WARNING! Somewhat disgusting photos below.
So I started a video diary, to document my healing and the effects of the surgery on my speech, and maybe to provide helpful insights to people facing similar situations. Part one is here, part two is here, and part three - which gets a bit disgusting, since it documents my oral thrush - is here. I plan to keep it up, since it may have some interest value, and it gives me an excuse to practice my speech, and something to look back on, in lieu of a memory, should I ever have to face all of this again.
About oral thrush: it's some sort of common fungal problem that can rise up after all the beneficial bacteria in your mouth have been killed. You feel like your mouth is full of froth; it starts to hurt a bit; and you end up with gross little white growths on your tongue. Despite it being predictable, it appears - in my case, anyhow - not to have been avoidable, because I had oral thrush the first time I had cancer surgery, as well, and I did ask my oncologist, before they put me under, if there might be some preventative measure we could take to ward it off this time. He prescribed me an antifungal, and I have been taking it, but nonetheless, when I arrived at the Emergency Ward tonight, this is what my tongue looked like:
That wasn't something I figured out about until AFTER I decided to go to the ER, mind you. My main concern was dehydration. It was getting increasingly difficult to swallow, which meant I'd had very little to drink; it was equally unpleasant to know I was mixing any of the liquids I drank with the frothy thrush-saliva foaming in my mouth, though I didn't clue in what it was at the time. And swallowing is even tougher when it comes to pill-form painkillers: I spent most of today wondering if a hydromorphone pill was lodged in the back of my throat without my having the muscle strength in my tongue to work it out. I thought ahead and wrote out a long note for the ER staff, which Erika printed out before driving me: Could I get some hydration? Could I possibly get some IV pain meds while I was at it? Could they look at my achey left ear and see if it seems infected or inflamed? Could he give me something for my oral thrush? And was there any way I could get pain meds in a suppository form?
Apparently there is - there is an ass-friendly version of Voltaren - but it is an NSAID, and I don't do so well with those. So nix on the suppositories, but everything else went exactly as planned: I got a full bag of IV fluids, got a scrip for the thrush and I even got to chat with the ER doctor about his ties to Powell River, where Erika and I just went last spring. There were entertaining fellow-patients in the Walking Wounded area, too: a guy who'd gotten a tooth knocked loose in a hockey game when the puck hit him in the face, and a little kid crying about having to get stitches, with a bunch of nurses and doctors going "Ooh, you'll be okay, it's just a little stitch and it will make you all better". As they hydrated me, I lay back and listened and felt a shimmer of relief coursing through me. ("Could you throw in some pain meds, while I'm hooked up, anyhow?" And they did!).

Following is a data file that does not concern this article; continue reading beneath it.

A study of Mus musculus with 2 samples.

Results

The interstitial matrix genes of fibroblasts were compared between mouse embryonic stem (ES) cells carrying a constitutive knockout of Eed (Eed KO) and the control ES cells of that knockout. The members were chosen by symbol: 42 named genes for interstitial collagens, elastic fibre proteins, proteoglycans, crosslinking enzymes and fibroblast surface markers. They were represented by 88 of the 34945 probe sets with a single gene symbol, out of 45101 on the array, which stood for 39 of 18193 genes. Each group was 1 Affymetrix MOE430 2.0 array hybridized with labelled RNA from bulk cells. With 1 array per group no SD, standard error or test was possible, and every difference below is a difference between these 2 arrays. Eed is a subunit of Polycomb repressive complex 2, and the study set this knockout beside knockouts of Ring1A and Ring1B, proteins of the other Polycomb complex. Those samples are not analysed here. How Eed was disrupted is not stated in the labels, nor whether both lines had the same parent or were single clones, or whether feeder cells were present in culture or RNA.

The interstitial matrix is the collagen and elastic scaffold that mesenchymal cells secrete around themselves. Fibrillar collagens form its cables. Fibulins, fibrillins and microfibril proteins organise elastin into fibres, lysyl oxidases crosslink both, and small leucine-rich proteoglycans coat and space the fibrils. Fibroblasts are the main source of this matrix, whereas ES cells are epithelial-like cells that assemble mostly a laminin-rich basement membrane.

I believe the scrip that the doc gave me for the oral thrush, btw, is called Nystatin, but the pharmacies are closed. I've been encouraged to rinse with apple cider vinegar, which does seem to improve matters. Between that and the opioids I actually feel a bit nauseated, but I feel better than I did earlier, by a mile.
Here's the really gross thing. I have felt there was some sort of gooey mucusy clotty substance up my left nostril - where I think the tube had gone in, after intubating me down the throat didn't work. Normally I've been taking steambaths, or their home equivalent - sitting in the bath with the shower pelting my head - to loosen up the snotclots, but there's only so much that's come up. But without even so much as a shower, when I got into the bathroom tonight, I gave a blow out the left and THIS monster flipped out into my hand.
No fault if you don't want to see.
You've been warned:
...Sorry, it's disgusting (but it was definitely impressive and a release to get it out of my nose!).
Anyhow, Erika is in bed. I'm going to sit up a bit - have a bit of mild nausea from the opioids that I'm hoping I can distract with a bit of reading. Not sure if I should try to eat something or not - really don't want to.
In fact, tonight was actually one of my more successful ER experiences. Everyone was friendly; there was no long wait; and I got almost everything I'd hoped for. I got none of that pain med mistrust that you sometimes see, where they think you're an addict as soon as you ask ("Sure you have kidney stones, haven't heard that before.") And as disgusting as that snotclot is above, at least it's OUT OF ME now. Breathing much better. Whew.